Brownie T. Horse

I walked out my front door that February morning to see something many little girls dream about: there was a horse essentially in my front yard. He was a brown and white pinto quarterhorse, well up in horse years. I couldn’t believe my eyes. The dogs were surprised, too, but all of us were happy. I went over to the fence to meet him and everything about him enchanted me.

I’ve never been a horse person. My friends growing up were horse-crazy girls, but I could not have cared less. Brownie — that’s what the kids ended up naming him — instantly melted my heart.

I sometimes fed him and often gave him carrots, and talked to him, and hung out with him, made sure he always had water. These were not my jobs and I did not have to do them, but something about Brownie made me want to be sure he knew I cared about him.

When I came home from school after my evening class, dark and lonely small town winter night, as soon as he heard the car actually pull into the drive he’d nicker. When I opened the gate, he pawed the ground and whinnied, “Hi, Martha! I’m glad you’re home!” Of course, carrots were sometimes involved in this, but not always. Most evenings I’d come in, drop my books, go to the fridge, get a carrot and take it to Brownie before I fed my dogs.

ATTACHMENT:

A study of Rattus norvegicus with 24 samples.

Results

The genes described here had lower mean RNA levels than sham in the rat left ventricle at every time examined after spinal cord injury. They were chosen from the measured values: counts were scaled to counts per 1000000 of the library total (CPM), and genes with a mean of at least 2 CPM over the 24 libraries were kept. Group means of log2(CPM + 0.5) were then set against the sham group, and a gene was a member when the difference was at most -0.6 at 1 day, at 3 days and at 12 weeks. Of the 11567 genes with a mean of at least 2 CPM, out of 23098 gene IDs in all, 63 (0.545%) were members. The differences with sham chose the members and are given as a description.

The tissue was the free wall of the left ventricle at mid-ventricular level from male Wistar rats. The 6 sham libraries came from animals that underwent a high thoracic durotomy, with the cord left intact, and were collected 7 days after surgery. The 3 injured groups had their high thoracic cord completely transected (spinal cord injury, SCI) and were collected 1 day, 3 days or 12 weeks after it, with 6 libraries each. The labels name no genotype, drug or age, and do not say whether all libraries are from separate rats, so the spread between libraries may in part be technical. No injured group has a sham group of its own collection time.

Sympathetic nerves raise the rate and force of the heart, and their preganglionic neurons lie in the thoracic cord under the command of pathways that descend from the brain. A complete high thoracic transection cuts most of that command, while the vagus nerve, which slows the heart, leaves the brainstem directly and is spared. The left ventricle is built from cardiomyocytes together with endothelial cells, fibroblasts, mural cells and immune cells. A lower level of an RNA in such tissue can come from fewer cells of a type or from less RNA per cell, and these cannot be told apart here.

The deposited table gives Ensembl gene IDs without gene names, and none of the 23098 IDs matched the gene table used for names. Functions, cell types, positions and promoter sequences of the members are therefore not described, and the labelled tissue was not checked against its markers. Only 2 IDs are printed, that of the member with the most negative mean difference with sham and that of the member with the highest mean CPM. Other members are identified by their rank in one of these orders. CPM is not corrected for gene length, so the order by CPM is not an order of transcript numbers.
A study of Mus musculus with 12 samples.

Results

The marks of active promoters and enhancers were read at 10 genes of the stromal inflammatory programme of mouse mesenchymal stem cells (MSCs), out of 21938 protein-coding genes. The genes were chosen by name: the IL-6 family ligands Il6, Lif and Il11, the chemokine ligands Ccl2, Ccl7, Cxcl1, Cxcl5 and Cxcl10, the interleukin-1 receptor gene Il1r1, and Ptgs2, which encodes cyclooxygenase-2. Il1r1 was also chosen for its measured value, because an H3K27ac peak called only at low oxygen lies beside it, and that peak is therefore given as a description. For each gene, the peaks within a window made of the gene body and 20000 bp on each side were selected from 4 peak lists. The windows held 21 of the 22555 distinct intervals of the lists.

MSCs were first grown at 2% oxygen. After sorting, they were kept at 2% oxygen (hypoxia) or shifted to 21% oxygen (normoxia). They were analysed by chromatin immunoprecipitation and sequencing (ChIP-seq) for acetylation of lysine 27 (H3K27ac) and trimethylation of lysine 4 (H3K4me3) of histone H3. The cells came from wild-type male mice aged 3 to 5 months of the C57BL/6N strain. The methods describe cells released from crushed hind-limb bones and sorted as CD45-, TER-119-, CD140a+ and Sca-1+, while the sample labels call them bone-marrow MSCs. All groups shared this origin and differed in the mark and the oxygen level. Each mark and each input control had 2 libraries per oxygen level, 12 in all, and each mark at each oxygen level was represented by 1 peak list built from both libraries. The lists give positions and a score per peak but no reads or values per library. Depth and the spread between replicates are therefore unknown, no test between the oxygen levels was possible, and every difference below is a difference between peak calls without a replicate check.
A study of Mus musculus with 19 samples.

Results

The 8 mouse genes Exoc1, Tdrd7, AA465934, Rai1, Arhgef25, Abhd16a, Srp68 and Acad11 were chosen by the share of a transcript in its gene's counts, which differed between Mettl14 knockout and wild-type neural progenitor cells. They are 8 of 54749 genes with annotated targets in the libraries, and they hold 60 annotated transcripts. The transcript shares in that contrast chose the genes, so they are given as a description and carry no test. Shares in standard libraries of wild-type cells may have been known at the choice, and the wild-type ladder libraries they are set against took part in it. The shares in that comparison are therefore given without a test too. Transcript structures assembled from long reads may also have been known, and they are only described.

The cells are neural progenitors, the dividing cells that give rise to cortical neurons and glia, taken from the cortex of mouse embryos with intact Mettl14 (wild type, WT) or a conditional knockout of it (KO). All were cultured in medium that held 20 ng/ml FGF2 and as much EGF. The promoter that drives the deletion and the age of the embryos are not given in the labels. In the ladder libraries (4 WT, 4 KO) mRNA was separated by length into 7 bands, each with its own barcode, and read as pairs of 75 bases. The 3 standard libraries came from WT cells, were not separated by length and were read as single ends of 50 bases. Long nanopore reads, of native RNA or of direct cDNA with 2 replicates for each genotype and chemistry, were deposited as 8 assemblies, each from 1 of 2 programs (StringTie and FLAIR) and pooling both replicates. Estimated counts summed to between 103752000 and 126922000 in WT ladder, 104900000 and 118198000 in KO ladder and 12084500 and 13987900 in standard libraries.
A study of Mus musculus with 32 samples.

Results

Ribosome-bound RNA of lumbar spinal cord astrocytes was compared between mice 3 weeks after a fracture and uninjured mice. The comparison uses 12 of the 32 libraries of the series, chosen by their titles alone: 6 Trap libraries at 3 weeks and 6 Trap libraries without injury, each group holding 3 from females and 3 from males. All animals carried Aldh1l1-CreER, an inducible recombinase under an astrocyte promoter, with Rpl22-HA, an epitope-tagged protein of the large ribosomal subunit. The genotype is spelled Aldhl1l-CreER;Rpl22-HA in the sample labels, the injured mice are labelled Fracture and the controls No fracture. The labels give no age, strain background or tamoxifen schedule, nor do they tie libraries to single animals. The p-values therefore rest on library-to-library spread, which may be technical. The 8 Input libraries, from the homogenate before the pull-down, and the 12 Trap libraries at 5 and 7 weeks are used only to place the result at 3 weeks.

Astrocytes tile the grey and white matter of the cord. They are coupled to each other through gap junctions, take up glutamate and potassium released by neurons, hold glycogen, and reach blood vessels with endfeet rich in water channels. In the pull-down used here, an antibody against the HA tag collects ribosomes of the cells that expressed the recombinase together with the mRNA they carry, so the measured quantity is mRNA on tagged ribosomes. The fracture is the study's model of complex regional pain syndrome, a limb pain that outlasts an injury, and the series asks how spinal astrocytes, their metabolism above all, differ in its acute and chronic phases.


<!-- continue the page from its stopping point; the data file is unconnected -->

Brownie was not just a carrot-whore and this was not a carrot based relationship. There were other experiences, too. One afternoon I was scratching the sides of his nose and he enjoyed it so much he closed his eyes in pleasure, like a cat does when you pet its chin. Often when I came out my front door in the morning, Brownie would greet me with a bow — left leg forward, right leg curled up under his chest, head down and a small nicker. At night, before I went to bed, I usually went out to say goodnight to Brownie, stroke his nose and tell him what a great horse he was and that I was so happy he was there.

Hanging around Brownie, I began to experience a kind of communication I didn’t know existed. I thought this was all in my head, but when I saw his owner — a real cowboy — work with him, I saw that my perceptions were accurate. Brownie was very articulate, and my neighbor understood (and spoke!) Brownie’s language. I was just learning. I even dreamed of Brownie opening a gate (there is none) between his yard and mine, opening my front door and coming into my house. The symbolism of that is clear; Brownie found a place in my heart and my mind that I didn’t even know existed.